RICHMOND, Va. -- For nearly 50 years, Simpson’s Market has been a pillar in Richmond’s Highland Park neighborhood, sitting just off Meadowbridge Road near Six Points.
The family who runs the store is sending their love up to Highland Park, Illinois, where a gunman killed seven people and injured dozens during a 4th of July parade.
Chaya Simpson, whose father Mike owns and opened Simpson’s Market, points out one of the several times her father’s efforts got recognition in the paper.
“Talking about how there were over 2,000 people at the cookout and that they would do it every single year,” she said Wednesday evening at the store.
The cookout was a free July 4th event Simpson’s Market hosted for the neighborhood for years, but in the early 2000s, it was canceled because of concerns over community violence.
For the first time in 15 years, the cookout was back on in 2022 and hundreds, if not more, neighbors showed up.
“It was always just a great vibe to be a part of that I feel like was missing in the neighborhood,” Simpson said. “It was really fun to look outside and see people dancing and singing and laughing.”
Only later in the day did Simpson hear the news of the shattered celebration in Highland Park, Illinois, a suburb of Chicago.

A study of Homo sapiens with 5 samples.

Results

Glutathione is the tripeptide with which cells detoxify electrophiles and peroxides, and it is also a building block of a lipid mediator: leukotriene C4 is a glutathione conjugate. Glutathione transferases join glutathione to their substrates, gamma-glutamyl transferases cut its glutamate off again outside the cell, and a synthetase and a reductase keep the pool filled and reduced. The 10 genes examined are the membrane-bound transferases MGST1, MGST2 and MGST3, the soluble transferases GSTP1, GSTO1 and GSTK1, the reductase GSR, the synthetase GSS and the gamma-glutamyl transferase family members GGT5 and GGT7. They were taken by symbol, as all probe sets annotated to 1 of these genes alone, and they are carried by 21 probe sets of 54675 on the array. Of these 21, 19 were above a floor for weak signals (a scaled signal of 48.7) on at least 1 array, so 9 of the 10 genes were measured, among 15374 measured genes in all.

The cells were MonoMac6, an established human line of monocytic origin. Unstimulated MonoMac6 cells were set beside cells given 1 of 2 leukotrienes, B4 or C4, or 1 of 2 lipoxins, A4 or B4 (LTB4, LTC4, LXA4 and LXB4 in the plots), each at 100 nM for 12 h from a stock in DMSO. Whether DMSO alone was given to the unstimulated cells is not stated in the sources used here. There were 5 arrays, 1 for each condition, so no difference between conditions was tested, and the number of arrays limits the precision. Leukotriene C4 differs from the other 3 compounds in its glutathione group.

Although the two areas do only share a name, Simpson said her family’s heart is heavy for their fellow Americans who lost their lives.
“From this Highland Park to that Highland Park, we are all one. We are grieving with you. It’s really tragic,” she said.
Like many in Richmond, Simpson said she got an anxious feeling, albeit after the fact when she heard the news Wednesday that Richmond Police foiled a mass shooting plot targeting fireworks shows here.
“Everyone was out here having a great time, no ill-intentions, everyone was here to have fun, but in hindsight hearing, there was a possible threat kind of scares me a little,” Simpsons said, adding they have a good relationship with RPD officers in Highland Park.
“All day long, they were just like riding through making sure everyone was okay, but I would say in this Highland Park community everyone is kind of like the police. Everybody looks out for each other; it’s a family,” she said.
Although Richmond’s Highland Park still sees problems with gun violence and substance use, Simpson said she has seen the neighbor take a positive turn.
Her family works to bring a big family feel to the neighborhood, doing what they can to aid their neighbors in need of help.
The return of the Simpson’s Market 4th of July cookout is a small sign of hope for Highland Park, Illinois, according to Simpson. Even though communities do not forget pain, they can find ways to pull together.
“We should actually have a time to be able to celebrate life, celebrate Independence, whatever you celebrate the 4th of July for. But just to think you have those people out in the world with ill-intentions that try to ruin that,” Simpson said. “You can’t let anyone try to steal your joy. So even though, yes, it was a tragic time, there will be days when we can celebrate again.”
Simpson’s Market plans to host their cookout once again next year.